The Gig Economy comprises diverse jobs or micro-entrepreneurial opportunities: From ride-hailing to delivery & professional services and providing homestays as a service, each a small business in their own right. Gig work constitutes essential public services and adds tremendous value to local economies, putting money in the hands of people on a daily basis. 
 
However this does not make them immune to the economic effects of the COVID-19 pandemic. So how do government and new-age businesses protect these workers? According to Ola Mobility Institute Report, here are 5 ways to protect their livelihoods:
 
  1. Strengthening occupational safety and health measures
 
To secure the safety and health of gig workers, platforms have launched dedicated hotlines and websites to disseminate information, and take preventive measures. Ridehail, Rideshare, Package Delivery, and Food Delivery Companies engaging millions of driver- or delivery-partners, and restaurant-partners have issued health guidelines specified by the WHO to secure safety and health of all. 
 
Additionally, these platforms, particularly those handling food and other deliveries, have mandated the use of hand sanitisers and masks by their driver and delivery-partners, and require them to wash their hands regularly and observe “coughing etiquette” as specified by WHO and health ministries around the world.
 
2. Adapting to the “new” work environment
 
Businesses handling essential products and services such as groceries, food, medicines, and mobility in general, have also modified their services to enhance safety. Contactless Delivery is a common feature of e-commerce and delivery companies today.
 
These platforms are also encouraging digital payments; in other words, cashless transactions. Card payments too are being discouraged in an effort to stem the spread of coronavirus.
 
3. Providing health access for all & extending paid leave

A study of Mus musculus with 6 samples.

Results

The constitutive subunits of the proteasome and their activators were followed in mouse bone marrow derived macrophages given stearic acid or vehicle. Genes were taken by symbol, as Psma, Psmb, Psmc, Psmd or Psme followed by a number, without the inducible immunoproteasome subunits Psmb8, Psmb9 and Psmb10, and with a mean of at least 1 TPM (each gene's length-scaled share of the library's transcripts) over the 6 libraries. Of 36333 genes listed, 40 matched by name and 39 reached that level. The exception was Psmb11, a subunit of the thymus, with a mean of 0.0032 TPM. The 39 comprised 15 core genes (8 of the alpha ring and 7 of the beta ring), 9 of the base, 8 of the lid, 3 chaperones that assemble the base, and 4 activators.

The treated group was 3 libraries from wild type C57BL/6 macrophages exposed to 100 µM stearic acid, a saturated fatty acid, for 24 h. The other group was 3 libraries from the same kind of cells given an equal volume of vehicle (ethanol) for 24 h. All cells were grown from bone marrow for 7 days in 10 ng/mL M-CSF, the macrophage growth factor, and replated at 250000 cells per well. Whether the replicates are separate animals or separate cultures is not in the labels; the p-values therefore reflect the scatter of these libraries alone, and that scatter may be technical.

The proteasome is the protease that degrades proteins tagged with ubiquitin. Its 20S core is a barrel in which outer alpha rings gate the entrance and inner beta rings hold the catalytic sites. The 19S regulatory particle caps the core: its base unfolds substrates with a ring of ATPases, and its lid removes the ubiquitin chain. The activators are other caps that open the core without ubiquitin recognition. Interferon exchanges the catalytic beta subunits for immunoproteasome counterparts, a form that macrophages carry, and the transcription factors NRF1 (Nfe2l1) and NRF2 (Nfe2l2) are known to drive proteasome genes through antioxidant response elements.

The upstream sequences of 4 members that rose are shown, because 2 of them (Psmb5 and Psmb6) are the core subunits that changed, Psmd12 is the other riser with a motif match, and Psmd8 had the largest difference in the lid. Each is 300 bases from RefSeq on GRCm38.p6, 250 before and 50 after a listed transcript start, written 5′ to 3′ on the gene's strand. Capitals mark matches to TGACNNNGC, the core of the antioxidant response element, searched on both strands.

Businesses are facilitating access to healthcare. That is access to a doctor- on-call or online, health insurance, covering medical costs and other benefits for their gig workers. Other mobility platforms are offering paid sick leave that will continue through the COVID-19 outbreak, with no time stipulation.
 
4. Securing income and livelihoods of Giggers
 
Several platforms have introduced a slew of measures to secure the income and livelihoods of the gig workers and small businesses associated with them. 
 
In the UK, UberEats has waived off sign-up fees for restaurants joining the platform amidst the pandemic. In Malaysia, Grab will provide driver-partners with vouchers to help with daily household expenses. India’s Ola has also announced the creation of corpus of Rs. 20 crore, called ‘Drive the Driver Fund’, to support auto-rickshaw, cab, kaali-peeli and taxi drivers to mitigate the effects of the lockdown on their incomes. 
 
Some platforms have introduced a schemes that involves waiving off the lease and insurance payments for the company’s gig workers or have delayed their pay-back periods by months. 
 
5. Govts should introduce accommodative fiscal policies
 
Active fiscal policies include social protection measures ranging from targeted transfers to automatic stabilisers such as unemployment benefits, and public investment and tax relief for the self-employed, gig workers, and Micro, Small, and Medium Enterprises (MSMEs). Accommodative monetary policies consist of interest rate reductions, reserve rate relaxation, and targeted liquidity provisions.